Environmentalist Dr John Francis' 17 years of silence speaks volumes for our planet

Environmentalist Dr John Francis' 17 years of silence speaks volumes for our planet

YP cadet Catherine Wang found out what happened when one man decided to shut up to speak up against the destruction of nature

Photo: Planet Walk

Imagine being absolutely silent for 17 years. Could you do it? That's exactly what environmentalist Dr John Francis did to demonstrate his personal connection to the planet.

Today, Francis is a UN environmental ambassador, a National Geographic Society fellow, and the leader of Planet Walk, a non-profit organisation dedicated to improving awareness of environmental issues and serving local communities.

After he gave speeches at several international schools in Hong Kong, we chatted about his life journey, sign language skills, and passion for nature.

Though he was mute during his mid-20s, now, after breaking his silence, he definitely has a lot to say. 

It all began with the crash of two oil tankers in the early 1970s that spilled more than 800,000 gallons of crude oil into the San Francisco Bay. The then 24-year-old Francis volunteered to help out at a beach clean-up, and was horrified by the sight of the damage. Frustrated, he wanted to be able to make a bigger impact; his best idea at the time was to stop travelling in cars.

What really kicked him into action was a close friend's death. For Francis, the sudden tragedy served as a stark reminder to cherish life. Pulling his glasses off somberly, he said "I realised had to do something I could start doing right away, which was to start walking, and not to put it off until the money came, or when I felt it was right."

From that moment, Francis stopped using all mechanised forms of transport as a protest against pollution. His friends dismissed it as a phase, but he persevered. 

Five years later, he took a vow of silence that began as a one-day experiment. This quickly evolved into a full-time commitment, and proved to be a powerful lesson in social engagement. "For the first time, I began to listen. And what I heard kind of disturbed me," Francis notes, patting his beard.

"It became more about listening to others and to the environment."

He kept his vow of silence as he undertook a pilgrimage on foot across North and South America, carrying only a backpack and a banjo. He even gained the support of his parents, who initially opposed the idea.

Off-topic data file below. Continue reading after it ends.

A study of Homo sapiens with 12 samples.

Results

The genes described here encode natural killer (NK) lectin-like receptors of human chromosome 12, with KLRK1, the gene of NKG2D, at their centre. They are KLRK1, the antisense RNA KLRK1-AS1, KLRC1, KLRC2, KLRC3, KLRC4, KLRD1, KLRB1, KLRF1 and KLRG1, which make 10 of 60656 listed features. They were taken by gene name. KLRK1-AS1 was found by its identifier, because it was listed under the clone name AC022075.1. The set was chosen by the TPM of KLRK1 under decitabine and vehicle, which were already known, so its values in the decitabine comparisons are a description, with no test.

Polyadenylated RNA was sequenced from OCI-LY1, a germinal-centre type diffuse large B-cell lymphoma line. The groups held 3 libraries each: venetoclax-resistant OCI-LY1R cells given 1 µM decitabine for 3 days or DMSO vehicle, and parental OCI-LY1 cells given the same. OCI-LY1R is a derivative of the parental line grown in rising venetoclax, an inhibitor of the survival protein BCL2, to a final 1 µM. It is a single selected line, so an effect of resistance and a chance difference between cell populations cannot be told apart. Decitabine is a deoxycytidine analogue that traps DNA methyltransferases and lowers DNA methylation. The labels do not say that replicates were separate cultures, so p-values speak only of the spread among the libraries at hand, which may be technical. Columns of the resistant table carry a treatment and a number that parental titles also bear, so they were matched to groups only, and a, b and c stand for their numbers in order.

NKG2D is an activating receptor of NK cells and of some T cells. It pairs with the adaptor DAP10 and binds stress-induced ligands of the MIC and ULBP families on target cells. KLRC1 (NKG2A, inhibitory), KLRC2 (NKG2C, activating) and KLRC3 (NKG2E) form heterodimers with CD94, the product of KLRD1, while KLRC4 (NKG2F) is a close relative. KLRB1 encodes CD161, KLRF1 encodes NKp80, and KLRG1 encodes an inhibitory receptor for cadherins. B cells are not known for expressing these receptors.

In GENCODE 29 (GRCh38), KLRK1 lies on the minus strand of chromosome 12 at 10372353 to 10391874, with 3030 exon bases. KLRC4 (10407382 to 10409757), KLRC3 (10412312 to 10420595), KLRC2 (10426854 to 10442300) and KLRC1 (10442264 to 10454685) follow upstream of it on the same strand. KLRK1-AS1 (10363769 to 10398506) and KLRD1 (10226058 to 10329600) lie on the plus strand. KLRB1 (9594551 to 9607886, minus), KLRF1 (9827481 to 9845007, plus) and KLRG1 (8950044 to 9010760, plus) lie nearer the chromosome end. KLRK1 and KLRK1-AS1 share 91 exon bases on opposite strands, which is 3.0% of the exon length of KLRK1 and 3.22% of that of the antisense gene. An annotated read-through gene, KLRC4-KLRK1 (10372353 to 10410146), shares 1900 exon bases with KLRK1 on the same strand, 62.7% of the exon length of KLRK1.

Laughing, he explains their concerns about his involvement with the local "hippie" culture. "They were worried. My mom asked if I was crazy! Once they realised I wasn't on drugs or an alcoholic, they accepted it. It was really cool for them to do that."



"I really didn't know, and I didn't have an answer for that, but I knew that it was something I had to do." What helped keep him on track was his long-term goal: "My highest goal was to walk around the planet in the hope that I could benefit mankind. I didn't know what I meant to be a benefit, but I hoped along the way, with my education, I could somehow make the planet a better place."

Still silent, Francis went on to obtain a PhD in Land Management from the University of Madison-Wisconsin. He walked more than 500 miles to different universities across the United States, earning a BA and enough credit to graduate with an official degree. During this time, he even taught a class in Resources Management, entirely using sign language, miming, and writing keywords on a board.

To Francis, the problems with the environment reflect our larger problems as a society. As he puts it eloquently: "We are all really part of the environment. How we treat each other is how we treat the environment."

He explains that from poverty to oil exploitation and the destruction of rainforests, it is our lack of empathy and connection with each other and with the planet that has led to the current environmental crisis.

Eventually, he broke his silence in 1990 on the 20th Anniversary of Earth Day. 

And he hasn't stopped working for the planet since. Francis has been involved with rewriting oil transportation regulations in the US and advocating environmental education in schools around the world. He has also published two books on his experience, including Planetwalker: 22 Years of Walking. 17 Years of Silence.

In the near future, he hopes to continue to promote Planet Walk, an environmental programme for young people.

Francis has two suggestions for things we can do to improve the world. The first is to "Listen to each other with respect. You may hear something that you've never heard before, but that's what learning is."

The second? "It's simple: just love one another. Practise empathy, and care for your friends and the people you meet on the street. Try to help those in need.

"If we treat each other better, naturally, we treat the world better."